The white lab coats may have been a bit baggy and the safety goggles slightly loose, but that didn’t stop 36 Putnam City School District students from learning about science at the Oklahoma Medical Research Foundation this week.
On Tuesday and Wednesday, OMRF hosted the 32nd annual installment of Putnam City Junior Scientist Days. The event gives elementary, middle school and high school students the chance for an up-close-and-personal look at biomedical science. It is also OMRF’s way of saying thank you to some of the state’s youngest and most generous philanthropists.
Since 1975, students from the Putnam City School District have raised more than $2.4 million to support cancer research at OMRF. That total—which includes $122,000 raised in this past school year alone—comes from the annual district-wide Cancer Drive, bake sales, car washes and dozens of other student fund-raising events.
“This is a remarkable commitment from a remarkable group of young people,” said Penny Voss, OMRF’s vice president of development. “We couldn’t ask for better teammates in the fight against cancer.”
Whether it was sequencing DNA, learning to pipette or examining tiny organisms through high-powered microscopes, the students made the most of their time in OMRF laboratories on Tuesday and Wednesday.
Jacob Salamy, who attends D.D. Kirkland Elementary, was able to study cells in blood samples during his visit to OMRF’s clinical pharmacology department. “I feel glad that I’m a part of something here,” he said. “My little sister has cancer, so I am very supportive of the research.” Salamy has helped raise money for OMRF through events at his school, including basket auctions and paying to wear a baseball cap on certain school days.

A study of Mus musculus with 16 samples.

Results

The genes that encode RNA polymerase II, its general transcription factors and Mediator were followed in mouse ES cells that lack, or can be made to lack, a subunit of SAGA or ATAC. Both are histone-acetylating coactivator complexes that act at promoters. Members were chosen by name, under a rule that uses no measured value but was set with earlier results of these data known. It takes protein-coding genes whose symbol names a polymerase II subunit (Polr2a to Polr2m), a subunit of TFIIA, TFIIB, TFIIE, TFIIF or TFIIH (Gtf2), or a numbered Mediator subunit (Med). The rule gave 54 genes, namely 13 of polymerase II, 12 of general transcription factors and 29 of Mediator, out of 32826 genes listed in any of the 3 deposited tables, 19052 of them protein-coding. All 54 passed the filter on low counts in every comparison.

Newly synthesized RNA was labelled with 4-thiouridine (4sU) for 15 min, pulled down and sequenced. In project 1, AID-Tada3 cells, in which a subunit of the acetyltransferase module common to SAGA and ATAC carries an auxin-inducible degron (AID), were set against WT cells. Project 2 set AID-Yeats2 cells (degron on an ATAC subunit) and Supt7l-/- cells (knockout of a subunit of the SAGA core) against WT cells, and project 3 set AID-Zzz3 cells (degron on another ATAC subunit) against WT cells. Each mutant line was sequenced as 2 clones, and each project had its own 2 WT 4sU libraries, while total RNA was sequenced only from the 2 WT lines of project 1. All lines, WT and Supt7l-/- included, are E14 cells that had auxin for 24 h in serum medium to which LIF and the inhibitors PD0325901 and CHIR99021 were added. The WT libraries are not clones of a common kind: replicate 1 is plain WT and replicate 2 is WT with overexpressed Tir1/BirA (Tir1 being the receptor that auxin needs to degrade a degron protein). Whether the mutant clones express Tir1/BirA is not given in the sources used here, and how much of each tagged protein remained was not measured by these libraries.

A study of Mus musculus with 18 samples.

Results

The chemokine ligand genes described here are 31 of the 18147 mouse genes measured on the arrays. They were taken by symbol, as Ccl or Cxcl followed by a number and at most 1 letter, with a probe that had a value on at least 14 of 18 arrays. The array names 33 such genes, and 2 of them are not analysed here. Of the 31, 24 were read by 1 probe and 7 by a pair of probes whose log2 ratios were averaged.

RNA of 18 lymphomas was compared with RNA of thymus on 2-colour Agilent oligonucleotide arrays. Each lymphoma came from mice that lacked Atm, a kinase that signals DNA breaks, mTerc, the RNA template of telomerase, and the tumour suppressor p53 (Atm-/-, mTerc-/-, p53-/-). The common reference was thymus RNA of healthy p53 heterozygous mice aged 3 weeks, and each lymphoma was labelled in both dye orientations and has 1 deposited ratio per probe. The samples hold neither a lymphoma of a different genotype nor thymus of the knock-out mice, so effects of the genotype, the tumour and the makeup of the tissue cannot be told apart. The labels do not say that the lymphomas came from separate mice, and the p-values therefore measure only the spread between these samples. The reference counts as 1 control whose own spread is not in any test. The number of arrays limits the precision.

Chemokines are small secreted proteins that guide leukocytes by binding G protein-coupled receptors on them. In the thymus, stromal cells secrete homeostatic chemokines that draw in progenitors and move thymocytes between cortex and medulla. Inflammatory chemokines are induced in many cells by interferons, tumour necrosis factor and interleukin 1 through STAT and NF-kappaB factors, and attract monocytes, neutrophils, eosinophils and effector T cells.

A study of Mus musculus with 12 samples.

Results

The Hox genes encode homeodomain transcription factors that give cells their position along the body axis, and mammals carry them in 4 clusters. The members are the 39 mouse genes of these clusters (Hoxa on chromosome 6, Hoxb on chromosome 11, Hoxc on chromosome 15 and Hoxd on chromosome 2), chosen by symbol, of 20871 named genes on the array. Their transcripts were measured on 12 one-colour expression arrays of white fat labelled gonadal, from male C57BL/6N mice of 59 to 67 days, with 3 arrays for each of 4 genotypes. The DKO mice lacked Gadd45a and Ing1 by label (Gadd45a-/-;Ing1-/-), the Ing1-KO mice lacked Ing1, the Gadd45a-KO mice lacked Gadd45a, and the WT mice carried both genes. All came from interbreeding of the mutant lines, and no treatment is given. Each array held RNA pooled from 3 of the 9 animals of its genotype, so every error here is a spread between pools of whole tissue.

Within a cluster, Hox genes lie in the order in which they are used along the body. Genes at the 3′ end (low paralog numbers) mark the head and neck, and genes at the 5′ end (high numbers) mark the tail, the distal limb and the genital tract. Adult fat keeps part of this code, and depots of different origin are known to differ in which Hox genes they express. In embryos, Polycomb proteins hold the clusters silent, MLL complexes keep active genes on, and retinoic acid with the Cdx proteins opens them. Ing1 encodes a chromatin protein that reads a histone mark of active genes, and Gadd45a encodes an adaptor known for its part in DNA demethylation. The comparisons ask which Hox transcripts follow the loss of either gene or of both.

“Putnam City’s relationship with OMRF has greatly benefited both organizations. In raising funds for cancer research, students learn and take to heart the message that they can make a difference in the world,” said Putnam City Superintendent Jim Capps, Ph.D. “On Junior Scientist Day, students get an exciting opportunity to enter the world of science and talk one-on-one with researchers. It’s very rewarding.”
The students even had the chance to use some of the scientific equipment they helped OMRF obtain. Putnam City’s gifts to OMRF have purchased a variety of sophisticated laboratory equipment at OMRF, including high-powered microscopes, centrifuges and incubators. The students’ efforts also have established the Putnam City Schools Distinguished Chair in Cancer Research, which is held by OMRF scientist Linda Thompson, Ph.D.
“These young people have helped our scientists make important inroads against a deadly disease,” said OMRF President Stephen Prescott, M.D. “Having the Putnam City students here is a high point for us each year, and it might just be the catalyst that inspires one of them to choose a career in research.”
Chartered in 1946, OMRF (www.omrf.org) is one of the nation’s oldest, most respected biomedical research institutes. Dedicated to understanding and curing human disease, the nonprofit institute focuses on such critical research areas as Alzheimer’s disease, cancer, lupus and cardiovascular disease. It is home to Oklahoma’s only member of the National Academy of Sciences.